Student_256

Thanks in advance.

(p.s. I have a literature mock exam tomorrow where I am predicted to get 4 grades below target.)
You could either just force yourself through it (ask a family member or friend to just sit there, take away your other subject's revision materials, and make you study English for half an hour) although I doubt how efficient that'll be, but there really is no getting out of revising, even if you hate the subject, if you're going to take the exam
I'm not sure how efficient this will be for other people, but personally, I watching film adaptations or just generally reading the stories without thinking about having to write essays on them helped a lot. Once you start getting familiar with and enjoying the characters, the authors, and the story, it gets a lot easier to remember and think about the more exam-based parts. (I also ended up discovering the dark academia aesthetic and it did wonders for my motivation) Generally, finding different ways to absorb and understand the material you're studying might help with your dislike of it.
On the other hand, you can tell yourself that once you take the GCSE, you can burn all your literature books and never pick up Shakespeare again. Again, not sure how motivating or effective this'll be, but some people might be able to study like that ...?

(This probably wasn't helpful at all, sorry ><)
Okay, in my GCSEs I am aiming for six 9s and two 8s - the eights being in English language and literature. I am on track to achieve all of them... except English literature. My problem is, I completely despise literature with a passion and would rather stand in the middle of a motorway than read Macbeth. I know it sounds like the solution is to just revise it but my problem is that I can't. Give me any other subject and I'll happily revise it for hours on end but the second you hand me a literature textbook I'll suddenly feel no motivation to do anything. When I start reading any of that 18th-century rubbish I feel as though I am wasting my time and get a sudden urge to solve maths problems. Does anybody have any tips for how I can motivate myself to do it?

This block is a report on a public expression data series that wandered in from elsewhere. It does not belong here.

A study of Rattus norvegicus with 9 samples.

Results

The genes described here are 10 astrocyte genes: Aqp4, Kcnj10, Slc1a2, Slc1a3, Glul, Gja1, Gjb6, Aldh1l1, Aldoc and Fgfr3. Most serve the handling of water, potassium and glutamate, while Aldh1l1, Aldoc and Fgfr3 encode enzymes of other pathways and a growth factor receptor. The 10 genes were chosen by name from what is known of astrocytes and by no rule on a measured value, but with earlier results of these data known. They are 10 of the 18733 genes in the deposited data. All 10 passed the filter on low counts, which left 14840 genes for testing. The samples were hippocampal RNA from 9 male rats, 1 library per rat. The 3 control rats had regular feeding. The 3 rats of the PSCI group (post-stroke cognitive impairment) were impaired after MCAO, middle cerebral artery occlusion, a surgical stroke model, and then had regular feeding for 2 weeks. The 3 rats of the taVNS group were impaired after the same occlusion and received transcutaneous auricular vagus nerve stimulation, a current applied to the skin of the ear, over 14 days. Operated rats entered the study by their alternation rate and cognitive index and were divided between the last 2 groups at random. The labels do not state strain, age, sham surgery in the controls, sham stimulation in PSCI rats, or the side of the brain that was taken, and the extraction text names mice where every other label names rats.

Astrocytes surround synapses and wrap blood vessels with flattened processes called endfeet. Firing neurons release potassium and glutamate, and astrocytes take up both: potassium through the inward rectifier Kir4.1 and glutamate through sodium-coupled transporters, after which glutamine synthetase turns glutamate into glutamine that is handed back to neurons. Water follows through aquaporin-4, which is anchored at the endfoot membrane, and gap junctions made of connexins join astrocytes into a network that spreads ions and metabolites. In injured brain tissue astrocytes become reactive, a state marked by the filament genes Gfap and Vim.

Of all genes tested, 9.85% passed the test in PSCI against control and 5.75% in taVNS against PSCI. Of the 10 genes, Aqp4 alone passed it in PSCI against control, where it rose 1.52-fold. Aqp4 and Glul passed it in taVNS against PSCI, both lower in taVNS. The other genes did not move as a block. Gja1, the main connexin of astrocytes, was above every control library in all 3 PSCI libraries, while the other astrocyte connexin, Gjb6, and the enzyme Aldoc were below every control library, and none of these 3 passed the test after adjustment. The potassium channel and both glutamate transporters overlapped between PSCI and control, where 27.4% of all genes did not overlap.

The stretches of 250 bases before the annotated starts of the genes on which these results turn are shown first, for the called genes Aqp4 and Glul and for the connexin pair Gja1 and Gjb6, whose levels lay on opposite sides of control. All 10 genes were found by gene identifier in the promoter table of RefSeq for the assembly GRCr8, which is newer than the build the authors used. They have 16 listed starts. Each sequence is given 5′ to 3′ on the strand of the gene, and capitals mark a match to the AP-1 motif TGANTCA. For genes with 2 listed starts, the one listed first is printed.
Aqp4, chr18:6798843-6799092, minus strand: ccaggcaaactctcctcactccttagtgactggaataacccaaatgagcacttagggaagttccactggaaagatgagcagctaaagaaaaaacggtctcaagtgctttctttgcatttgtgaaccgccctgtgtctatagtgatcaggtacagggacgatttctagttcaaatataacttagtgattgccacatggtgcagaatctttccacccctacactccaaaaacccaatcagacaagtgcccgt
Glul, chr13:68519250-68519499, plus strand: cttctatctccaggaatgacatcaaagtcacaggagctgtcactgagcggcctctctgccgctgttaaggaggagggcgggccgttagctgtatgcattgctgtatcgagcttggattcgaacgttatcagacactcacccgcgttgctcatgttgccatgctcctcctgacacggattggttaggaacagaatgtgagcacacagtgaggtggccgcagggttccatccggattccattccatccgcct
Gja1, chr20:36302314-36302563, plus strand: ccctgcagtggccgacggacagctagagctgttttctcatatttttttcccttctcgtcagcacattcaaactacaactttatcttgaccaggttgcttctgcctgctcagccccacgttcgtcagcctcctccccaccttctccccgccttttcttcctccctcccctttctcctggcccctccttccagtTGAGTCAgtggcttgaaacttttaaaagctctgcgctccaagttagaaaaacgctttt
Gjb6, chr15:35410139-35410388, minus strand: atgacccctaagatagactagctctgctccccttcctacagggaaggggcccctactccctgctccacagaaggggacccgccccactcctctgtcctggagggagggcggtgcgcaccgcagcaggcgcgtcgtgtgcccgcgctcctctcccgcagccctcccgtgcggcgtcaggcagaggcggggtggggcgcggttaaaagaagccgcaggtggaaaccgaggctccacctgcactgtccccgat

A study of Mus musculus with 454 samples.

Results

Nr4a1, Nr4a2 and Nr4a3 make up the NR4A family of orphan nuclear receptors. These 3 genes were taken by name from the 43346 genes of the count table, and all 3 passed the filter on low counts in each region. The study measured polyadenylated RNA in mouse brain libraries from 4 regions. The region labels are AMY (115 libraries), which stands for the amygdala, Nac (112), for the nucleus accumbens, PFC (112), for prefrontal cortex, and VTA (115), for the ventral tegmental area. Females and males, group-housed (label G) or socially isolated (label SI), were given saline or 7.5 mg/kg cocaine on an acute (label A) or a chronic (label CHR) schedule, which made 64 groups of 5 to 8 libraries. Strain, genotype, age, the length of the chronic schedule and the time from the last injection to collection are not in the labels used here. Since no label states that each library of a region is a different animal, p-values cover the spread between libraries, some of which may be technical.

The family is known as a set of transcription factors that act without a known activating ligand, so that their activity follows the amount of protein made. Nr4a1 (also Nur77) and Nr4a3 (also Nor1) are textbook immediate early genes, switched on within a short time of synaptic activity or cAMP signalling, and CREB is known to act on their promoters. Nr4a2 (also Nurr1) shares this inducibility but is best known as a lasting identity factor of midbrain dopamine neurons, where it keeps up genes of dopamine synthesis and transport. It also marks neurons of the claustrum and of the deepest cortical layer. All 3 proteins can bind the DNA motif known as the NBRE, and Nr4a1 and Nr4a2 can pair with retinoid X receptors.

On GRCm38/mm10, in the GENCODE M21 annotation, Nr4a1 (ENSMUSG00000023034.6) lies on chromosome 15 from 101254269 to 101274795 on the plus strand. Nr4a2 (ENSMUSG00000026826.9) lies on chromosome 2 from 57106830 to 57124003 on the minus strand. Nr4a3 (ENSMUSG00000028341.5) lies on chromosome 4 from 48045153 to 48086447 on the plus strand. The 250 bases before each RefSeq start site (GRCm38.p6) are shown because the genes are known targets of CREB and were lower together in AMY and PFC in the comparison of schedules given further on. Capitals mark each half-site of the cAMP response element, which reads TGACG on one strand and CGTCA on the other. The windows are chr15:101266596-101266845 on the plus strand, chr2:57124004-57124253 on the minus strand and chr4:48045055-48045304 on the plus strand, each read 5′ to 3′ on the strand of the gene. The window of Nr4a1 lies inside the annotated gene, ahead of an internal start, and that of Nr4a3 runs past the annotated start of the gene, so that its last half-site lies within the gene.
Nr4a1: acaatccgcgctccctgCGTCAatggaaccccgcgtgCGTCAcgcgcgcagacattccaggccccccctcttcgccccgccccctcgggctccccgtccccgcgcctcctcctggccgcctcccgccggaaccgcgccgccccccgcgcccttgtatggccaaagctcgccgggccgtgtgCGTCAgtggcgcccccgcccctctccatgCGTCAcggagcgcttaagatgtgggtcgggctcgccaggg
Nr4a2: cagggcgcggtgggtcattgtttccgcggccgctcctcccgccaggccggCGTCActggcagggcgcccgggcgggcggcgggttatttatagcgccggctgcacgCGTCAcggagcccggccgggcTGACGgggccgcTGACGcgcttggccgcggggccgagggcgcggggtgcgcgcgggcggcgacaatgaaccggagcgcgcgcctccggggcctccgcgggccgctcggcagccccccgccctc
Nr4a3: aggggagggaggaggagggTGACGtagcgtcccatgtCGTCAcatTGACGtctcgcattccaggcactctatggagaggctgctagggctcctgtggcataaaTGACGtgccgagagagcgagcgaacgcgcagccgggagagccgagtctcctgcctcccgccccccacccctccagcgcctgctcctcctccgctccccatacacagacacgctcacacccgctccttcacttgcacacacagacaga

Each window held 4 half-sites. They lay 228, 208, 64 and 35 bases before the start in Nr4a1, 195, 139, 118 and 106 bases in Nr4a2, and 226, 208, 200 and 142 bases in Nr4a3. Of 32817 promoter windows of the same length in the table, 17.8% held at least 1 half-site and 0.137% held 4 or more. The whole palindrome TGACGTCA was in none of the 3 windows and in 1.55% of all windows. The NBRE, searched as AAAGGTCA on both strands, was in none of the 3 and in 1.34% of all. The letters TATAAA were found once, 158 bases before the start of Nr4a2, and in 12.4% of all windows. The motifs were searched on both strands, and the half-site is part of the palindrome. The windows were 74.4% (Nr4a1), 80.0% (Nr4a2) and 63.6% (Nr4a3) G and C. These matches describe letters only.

Thanks in advance.

(p.s. I have a literature mock exam tomorrow where I am predicted to get 4 grades below target.)
I generally viewed every single GCSE subject as an annoyance, but I never passionately disliked any of them lol

You could either just force yourself through it (ask a family member or friend to just sit there, take away your other subject's revision materials, and make you study English for half an hour) although I doubt how efficient that'll be, but there really is no getting out of revising, even if you hate the subject, if you're going to take the exam

I'm not sure how efficient this will be for other people, but personally, I watching film adaptations or just generally reading the stories without thinking about having to write essays on them helped a lot. Once you start getting familiar with and enjoying the characters, the authors, and the story, it gets a lot easier to remember and think about the more exam-based parts. (I also ended up discovering the dark academia aesthetic and it did wonders for my motivation) Generally, finding different ways to absorb and understand the material you're studying might help with your dislike of it.

On the other hand, you can tell yourself that once you take the GCSE, you can burn all your literature books and never pick up Shakespeare again. Again, not sure how motivating or effective this'll be, but some people might be able to study like that ...?



(This probably wasn't helpful at all, sorry ><
Focus on what really makes a good top notch answer. Hone your revision technique and exam skills in addition. When answering old exam questions try to make a mental note of the number of marks for each question. Read beyond the lines of the text set in class. Jot down ideas on paper.
Pull out all the stops when revising. Do not stick to one single revision method but mix it up. Try out some others. Buy and then use some recommended revision guides as well for extra substance. Use teacher feedback to make any improvements and corrections. Discuss your texts.
Make sure that you know what to do for the highest marks. Avoid repetition or one word answers here as far as possible. Your answers do need to make sense. The number of marks can form the basis of your written answers.
Use them as brain fodder in other words. Try to remain calm. This is only a exam not a death sentence. Get sleep and exercise. Revise properly. If something fails try another technique instead.